Objective: Japan was the first country to abandon the 19th century term of ‘mind-splitting disease’ (schizophrenia). Revisions of DSM and ICD are forthcoming. Should the rest of the world follow Japan’s example?
Method: A comprehensive literature search was carried out in order to review the scientific evidence for the validity, usefulness and acceptability of current concepts of psychotic disorder.
Results: The discussion about re-classifying and renaming schizophrenia and other psychotic disorders is clouded by conceptual confusion. First, it is often misunderstood as a misguided attempt to change societal stigma instead of an attempt to change iatrogenic stigma occasioned by the use of misleading and mystifying terminology. Second, the debate is misunderstood as purely semantic, whereas in actual fact it is about the core concepts underlying psychiatric nosology. Third, it has been suggested that the debate is political. However, solid scientific evidence pointing to the absence of nosological validity of diagnostic categories lies at the heart of the argument. Fourth, there is confusion about what constitutes a syndrome (a group of symptom dimensions that cluster in different combinations in different people and for which one or more underlying diseases may or may not be found) and a disease (a nosologically valid entity with specific causes, symptoms, treatment and course).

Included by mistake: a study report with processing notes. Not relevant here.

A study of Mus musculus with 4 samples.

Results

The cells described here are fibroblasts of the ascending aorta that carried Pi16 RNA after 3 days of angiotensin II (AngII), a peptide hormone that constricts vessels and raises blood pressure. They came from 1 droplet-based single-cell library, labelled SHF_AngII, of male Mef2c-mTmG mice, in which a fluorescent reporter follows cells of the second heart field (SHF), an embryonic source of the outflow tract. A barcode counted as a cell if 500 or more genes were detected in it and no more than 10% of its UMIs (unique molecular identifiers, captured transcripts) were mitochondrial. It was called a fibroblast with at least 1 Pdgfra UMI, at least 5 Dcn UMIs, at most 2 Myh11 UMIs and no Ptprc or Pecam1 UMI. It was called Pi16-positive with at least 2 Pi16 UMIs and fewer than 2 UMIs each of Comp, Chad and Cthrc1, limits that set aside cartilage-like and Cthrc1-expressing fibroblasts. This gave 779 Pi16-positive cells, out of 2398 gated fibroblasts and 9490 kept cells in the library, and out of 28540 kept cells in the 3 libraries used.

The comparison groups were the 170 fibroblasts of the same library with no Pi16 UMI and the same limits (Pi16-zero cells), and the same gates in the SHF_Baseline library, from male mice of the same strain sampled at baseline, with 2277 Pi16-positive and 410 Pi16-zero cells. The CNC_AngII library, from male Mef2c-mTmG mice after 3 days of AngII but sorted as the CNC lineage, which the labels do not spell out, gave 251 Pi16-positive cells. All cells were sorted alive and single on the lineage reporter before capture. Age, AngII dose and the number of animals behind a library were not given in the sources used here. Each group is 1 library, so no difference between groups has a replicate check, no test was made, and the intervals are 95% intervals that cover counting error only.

Conclusion: Scientific evidence favours a syndromal system of classification combining categorical and dimensional representations of psychosis. The concept of ‘salience’ has the potential to make the public recognize psychosis as relating to an aspect of human mentation and experience that is universal. It is proposed to introduce, analogous to the functional-descriptive term ‘Metabolic syndrome’, the diagnosis of ‘Salience syndrome’ to replace all current diagnostic categories of psychotic disorders. Within Salience syndrome, three subcategories may be identified, based on scientific evidence of relatively valid and specific contrasts, named Salience syndrome with affective expression, Salience syndrome with developmental expression and Salience syndrome not otherwise specified.